M52 and NGC7635, the Bubble Nebula
Copyright 2005 Hap Griffin
objects in one frame! M52 at the upper left is an open star cluster of 193
stars in the constellation Cassiopeia. It's distance is approximately 5000
light years, but is difficult to measure accurately because of the large amount
of interstellar dust its light has gone through on its way to us.
At the lower right is the beautiful "Bubble Nebula", known officially as NGC7635. Is is formed by gas being compressed by a strong stellar wind from massive star BD+602522, forty times as massive as our sun and several hundred thousand times more luminous. As fast moving gas escapes the star, it compresses surrounding sparse gas into a shell. The shell, consisting of hydrogen, oxygen and sulphur, is ionized by the radiation from BD+602522 causing it to glow. The bubble is approximately 6 light-years in diameter.
BD+602522 is a "Wolf-Rayet" star, a star in the end stages of its life which emits fierce stellar winds (charged particles streaming from its surface) rapidly depleting its mass until it finally dies in a supernova. Wolf-Rayet stars (named for their discoverers) have surface temperatures between 30,000 and 60,000 degrees Kelvin and emit stellar winds with speeds exceeding 1500 kilometers per second. There are only about 300 Wolf-Rayet stars known in our galaxy.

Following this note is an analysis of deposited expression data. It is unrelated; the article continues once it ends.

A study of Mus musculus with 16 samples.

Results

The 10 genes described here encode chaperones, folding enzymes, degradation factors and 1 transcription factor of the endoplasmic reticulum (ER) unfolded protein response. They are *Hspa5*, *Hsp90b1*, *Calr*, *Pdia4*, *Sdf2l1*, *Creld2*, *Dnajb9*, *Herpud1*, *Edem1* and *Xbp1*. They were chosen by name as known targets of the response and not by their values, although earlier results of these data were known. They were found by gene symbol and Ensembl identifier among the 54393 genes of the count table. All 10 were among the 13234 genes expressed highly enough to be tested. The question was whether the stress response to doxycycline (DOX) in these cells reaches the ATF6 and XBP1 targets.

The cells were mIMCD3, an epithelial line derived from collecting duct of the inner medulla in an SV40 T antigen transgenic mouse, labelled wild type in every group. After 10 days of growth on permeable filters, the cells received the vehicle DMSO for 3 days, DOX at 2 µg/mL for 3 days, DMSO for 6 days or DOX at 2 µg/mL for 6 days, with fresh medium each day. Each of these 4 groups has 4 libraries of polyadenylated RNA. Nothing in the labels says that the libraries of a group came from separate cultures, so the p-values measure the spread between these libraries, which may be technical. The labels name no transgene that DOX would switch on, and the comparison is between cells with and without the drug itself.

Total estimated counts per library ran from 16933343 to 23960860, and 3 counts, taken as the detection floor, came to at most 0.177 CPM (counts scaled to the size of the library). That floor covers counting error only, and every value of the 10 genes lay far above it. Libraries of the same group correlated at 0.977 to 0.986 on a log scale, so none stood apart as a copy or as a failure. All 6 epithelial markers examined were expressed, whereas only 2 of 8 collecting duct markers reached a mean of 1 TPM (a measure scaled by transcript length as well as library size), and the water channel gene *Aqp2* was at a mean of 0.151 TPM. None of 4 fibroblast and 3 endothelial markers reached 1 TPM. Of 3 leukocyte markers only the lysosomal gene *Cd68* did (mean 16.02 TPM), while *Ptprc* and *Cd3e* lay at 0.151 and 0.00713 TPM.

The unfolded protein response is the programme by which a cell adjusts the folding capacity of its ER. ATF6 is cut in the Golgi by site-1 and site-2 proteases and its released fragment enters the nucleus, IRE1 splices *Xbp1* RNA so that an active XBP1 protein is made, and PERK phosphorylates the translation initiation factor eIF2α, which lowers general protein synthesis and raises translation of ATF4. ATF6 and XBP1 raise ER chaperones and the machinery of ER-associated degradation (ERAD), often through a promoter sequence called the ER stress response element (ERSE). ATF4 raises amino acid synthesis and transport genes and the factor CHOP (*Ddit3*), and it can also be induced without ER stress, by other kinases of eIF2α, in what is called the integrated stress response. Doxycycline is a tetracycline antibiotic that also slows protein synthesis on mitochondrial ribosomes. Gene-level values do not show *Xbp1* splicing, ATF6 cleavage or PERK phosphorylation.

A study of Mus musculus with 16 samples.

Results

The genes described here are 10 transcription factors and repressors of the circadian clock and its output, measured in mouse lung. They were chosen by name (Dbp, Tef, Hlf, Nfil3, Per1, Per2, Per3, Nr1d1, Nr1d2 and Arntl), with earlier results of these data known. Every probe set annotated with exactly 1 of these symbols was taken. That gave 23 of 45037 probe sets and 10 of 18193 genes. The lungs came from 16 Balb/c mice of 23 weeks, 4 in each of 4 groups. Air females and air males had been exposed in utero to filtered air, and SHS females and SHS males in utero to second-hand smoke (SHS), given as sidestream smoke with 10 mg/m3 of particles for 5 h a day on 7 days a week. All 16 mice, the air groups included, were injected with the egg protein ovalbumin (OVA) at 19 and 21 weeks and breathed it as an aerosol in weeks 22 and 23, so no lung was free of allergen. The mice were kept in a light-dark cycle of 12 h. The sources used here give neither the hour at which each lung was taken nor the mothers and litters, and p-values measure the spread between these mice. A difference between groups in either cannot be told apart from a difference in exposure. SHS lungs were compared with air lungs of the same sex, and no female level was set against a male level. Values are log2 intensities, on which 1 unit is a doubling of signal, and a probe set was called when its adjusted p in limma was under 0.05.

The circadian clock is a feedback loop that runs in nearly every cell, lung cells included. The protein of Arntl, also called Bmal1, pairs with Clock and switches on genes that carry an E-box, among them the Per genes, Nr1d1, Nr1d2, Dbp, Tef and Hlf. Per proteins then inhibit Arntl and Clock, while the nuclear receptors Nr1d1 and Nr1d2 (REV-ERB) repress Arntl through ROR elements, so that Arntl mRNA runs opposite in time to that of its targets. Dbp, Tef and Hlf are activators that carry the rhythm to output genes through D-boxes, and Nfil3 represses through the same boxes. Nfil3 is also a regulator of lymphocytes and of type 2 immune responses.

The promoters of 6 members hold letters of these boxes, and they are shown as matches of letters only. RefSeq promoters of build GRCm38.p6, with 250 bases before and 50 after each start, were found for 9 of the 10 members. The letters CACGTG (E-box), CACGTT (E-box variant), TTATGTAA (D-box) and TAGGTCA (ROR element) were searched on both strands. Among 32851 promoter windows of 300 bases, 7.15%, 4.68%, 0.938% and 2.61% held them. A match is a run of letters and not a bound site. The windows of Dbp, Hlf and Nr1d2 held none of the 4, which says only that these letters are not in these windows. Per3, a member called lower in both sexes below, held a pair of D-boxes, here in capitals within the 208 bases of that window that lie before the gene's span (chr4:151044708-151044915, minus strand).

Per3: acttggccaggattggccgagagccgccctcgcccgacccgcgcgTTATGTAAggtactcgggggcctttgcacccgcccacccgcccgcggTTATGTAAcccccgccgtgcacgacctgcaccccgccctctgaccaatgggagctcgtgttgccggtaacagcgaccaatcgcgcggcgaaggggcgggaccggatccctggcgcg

September 23, 2005 Griffin/Hunter
Observatory Bethune, SC
Instrument: Canon 350D Digital SLR (modified) through Orion 80mm ED80 APO refractor
Focal Ratio: f7
Guiding: Auto via SBIG ST-237 through 10" Meade LX-200
Conditions: Very poor visually with haze and passing clouds
Weather: 70 F
Exposure: 145 minutes total (29 x 5 minutes) @ ISO 800
Filters: Baader UV/IR Block
Processing: Focused and captured with DSLRFocus. RAW to TIFF conversion, frame calibrations, alignment, Digital Development, Adaptive Richardson_Lucy deconvolution, scaling and JPEG conversion with ImagesPlus. Color correction with Photoshop 6. Noise reduction with NeatImage.